While Samantha Meyer has always been interested in the environment and sustainability, it was at Pomona where she was able to turn that interest into real-world opportunities to make a difference.
In her junior year, Samantha studied abroad in Botswana through a community-based ecology and conservation program that involved three homestays: living with a family in a developing village, an undeveloped village and a big city.
“It was the first time in my life that I had truly seen poverty,” recalls Samantha, who discovered the family in the developing village only had food to eat during her stay because of the money the program had given them. “I think there’s often the misperception that [poor] people are lazy or that they’re doing something wrong, but just to see people who had tried so hard and done so much, not have the basic necessities of life… It was a kind of understanding I had never gotten before.”
After she returned from Botswana, Samantha found her priorities had shifted. During her first two years of college, Samantha had really focused on academics and theory, but now she wanted to do more. “I want to get what I can out of my classes, but I also really want to learn how to make change.”
Back at Pomona, Samantha took a Religion and Environment class with Professor Zayn Kassam that had a large environmental justice component that really resonated. “It combined the human element more, and I think that’s been really important in my understanding of sustainability. It’s not just about reducing our environmental impact; we have to consider people in this process. It really tied in well with my time abroad.”
Among the ways she’s put her knowledge to practical use are helping to build Pomona’s solar rover, which brings green energy to the Organic Farm and events on campus; and helping to create an organic garden at the California Institution for Women, through the 5-College Criminal Justice Network. For the latter, she oversaw the construction of a composting worm-bin, furniture for the green house and garden beds. The prison garden project was recognized with a $10,000 Mountain Dew "Energize Your Community" grant in 2009.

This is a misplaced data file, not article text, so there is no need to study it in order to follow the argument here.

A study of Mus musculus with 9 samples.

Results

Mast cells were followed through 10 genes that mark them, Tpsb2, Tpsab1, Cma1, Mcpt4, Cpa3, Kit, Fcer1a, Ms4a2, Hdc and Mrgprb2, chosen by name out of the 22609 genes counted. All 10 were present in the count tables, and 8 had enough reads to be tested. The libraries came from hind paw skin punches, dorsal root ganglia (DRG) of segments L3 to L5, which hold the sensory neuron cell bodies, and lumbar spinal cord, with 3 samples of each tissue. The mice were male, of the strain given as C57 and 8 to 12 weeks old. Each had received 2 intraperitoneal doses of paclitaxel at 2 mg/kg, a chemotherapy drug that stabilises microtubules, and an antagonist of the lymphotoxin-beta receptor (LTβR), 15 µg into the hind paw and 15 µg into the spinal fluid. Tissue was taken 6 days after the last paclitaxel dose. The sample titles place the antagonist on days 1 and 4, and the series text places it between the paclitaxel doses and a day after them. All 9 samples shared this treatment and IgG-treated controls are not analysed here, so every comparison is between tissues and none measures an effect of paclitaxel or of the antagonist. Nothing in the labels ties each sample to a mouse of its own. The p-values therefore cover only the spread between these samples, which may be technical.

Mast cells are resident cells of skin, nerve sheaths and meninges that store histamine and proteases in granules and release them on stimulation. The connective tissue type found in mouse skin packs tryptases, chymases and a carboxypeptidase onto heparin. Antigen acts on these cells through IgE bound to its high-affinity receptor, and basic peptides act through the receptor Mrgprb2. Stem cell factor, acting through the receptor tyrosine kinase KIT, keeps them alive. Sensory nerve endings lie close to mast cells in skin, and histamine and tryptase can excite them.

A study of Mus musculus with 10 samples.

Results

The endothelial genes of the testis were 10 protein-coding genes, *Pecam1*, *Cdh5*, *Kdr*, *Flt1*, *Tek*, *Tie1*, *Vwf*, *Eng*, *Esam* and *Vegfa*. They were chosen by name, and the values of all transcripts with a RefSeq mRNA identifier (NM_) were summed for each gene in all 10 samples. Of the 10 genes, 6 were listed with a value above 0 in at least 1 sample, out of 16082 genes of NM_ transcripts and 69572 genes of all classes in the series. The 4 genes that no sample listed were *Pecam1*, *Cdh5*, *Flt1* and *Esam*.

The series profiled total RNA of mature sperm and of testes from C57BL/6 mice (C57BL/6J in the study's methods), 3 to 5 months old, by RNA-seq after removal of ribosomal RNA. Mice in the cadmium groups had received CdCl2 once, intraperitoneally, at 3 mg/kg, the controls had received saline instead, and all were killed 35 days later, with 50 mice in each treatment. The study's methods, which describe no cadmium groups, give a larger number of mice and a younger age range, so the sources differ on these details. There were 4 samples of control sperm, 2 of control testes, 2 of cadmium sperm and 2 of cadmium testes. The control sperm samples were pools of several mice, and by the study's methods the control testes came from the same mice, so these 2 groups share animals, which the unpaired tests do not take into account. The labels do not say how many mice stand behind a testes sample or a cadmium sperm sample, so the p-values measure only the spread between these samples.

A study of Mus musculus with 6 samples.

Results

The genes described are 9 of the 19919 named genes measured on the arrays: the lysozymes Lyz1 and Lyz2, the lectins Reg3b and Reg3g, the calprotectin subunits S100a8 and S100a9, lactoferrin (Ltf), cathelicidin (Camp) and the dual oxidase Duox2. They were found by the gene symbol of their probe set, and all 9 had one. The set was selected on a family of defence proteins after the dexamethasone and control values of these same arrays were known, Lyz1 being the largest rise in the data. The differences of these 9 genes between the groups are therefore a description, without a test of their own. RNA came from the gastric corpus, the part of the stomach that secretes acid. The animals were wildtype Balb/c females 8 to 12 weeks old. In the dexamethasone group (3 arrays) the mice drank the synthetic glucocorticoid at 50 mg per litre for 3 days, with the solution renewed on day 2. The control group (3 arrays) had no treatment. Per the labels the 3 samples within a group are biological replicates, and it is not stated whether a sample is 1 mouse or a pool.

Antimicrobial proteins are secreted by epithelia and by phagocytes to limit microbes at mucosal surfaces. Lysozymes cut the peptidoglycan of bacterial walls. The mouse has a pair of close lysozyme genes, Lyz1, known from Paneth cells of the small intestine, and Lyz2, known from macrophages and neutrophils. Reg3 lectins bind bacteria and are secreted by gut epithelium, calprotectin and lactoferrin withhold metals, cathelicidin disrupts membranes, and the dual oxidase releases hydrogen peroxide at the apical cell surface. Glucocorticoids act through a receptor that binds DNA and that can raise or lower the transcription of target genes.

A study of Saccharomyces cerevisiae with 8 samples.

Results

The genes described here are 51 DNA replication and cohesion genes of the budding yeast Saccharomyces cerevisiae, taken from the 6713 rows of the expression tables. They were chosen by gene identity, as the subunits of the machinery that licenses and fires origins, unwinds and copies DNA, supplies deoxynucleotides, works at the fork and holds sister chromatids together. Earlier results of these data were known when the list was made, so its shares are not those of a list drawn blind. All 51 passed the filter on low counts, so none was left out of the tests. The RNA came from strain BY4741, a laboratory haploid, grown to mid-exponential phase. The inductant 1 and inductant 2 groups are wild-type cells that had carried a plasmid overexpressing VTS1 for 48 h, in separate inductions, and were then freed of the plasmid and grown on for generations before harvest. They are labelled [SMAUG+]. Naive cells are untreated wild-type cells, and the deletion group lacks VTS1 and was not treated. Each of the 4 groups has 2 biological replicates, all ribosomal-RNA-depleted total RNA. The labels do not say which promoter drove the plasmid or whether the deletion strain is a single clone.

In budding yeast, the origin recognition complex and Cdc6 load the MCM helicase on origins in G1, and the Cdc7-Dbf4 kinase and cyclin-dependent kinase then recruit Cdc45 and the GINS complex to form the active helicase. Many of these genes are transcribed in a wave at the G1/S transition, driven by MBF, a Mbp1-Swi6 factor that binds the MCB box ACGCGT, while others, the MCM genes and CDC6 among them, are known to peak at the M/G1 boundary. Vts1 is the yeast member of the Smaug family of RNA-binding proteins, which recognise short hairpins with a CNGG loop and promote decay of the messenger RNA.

Working in Pomona’s Sustainability Office has also proved rewarding. “Sustainability was always this thing I was excited about,” explains Samantha. “But working for [Director] Bowen [Patterson], you’re confronted with the reality of how things actually work. Now I think I have a much better understanding of, if you want to do this, there are ways you have to do things. There are things you have to figure out. It’s not so theoretical, which has been amazing.”
Out of that work, Samantha’s thesis was born. “I’m doing a real food assessment in the dining hall…. I think that’s the kind of stuff I want to do after college, not specifically [food assessment] but trying to improve our food system, especially for people who don’t have access to decent food otherwise.”
While Samantha’s interests changed and grew during her years at Pomona, she always felt like she had the opportunity to explore wherever her passions led her. “I feel like there is so much going on at Pomona that even as I’ve changed throughout the years and sometimes become frustrated with things or wanted something different, there has always been a space at Pomona that has absorbed that,” says Samantha. “ There’s always been somewhere I can go or new people I can meet. So I feel like no matter what happens, you’re probably going to be able to find a space to find new happiness. I’ve really appreciated that."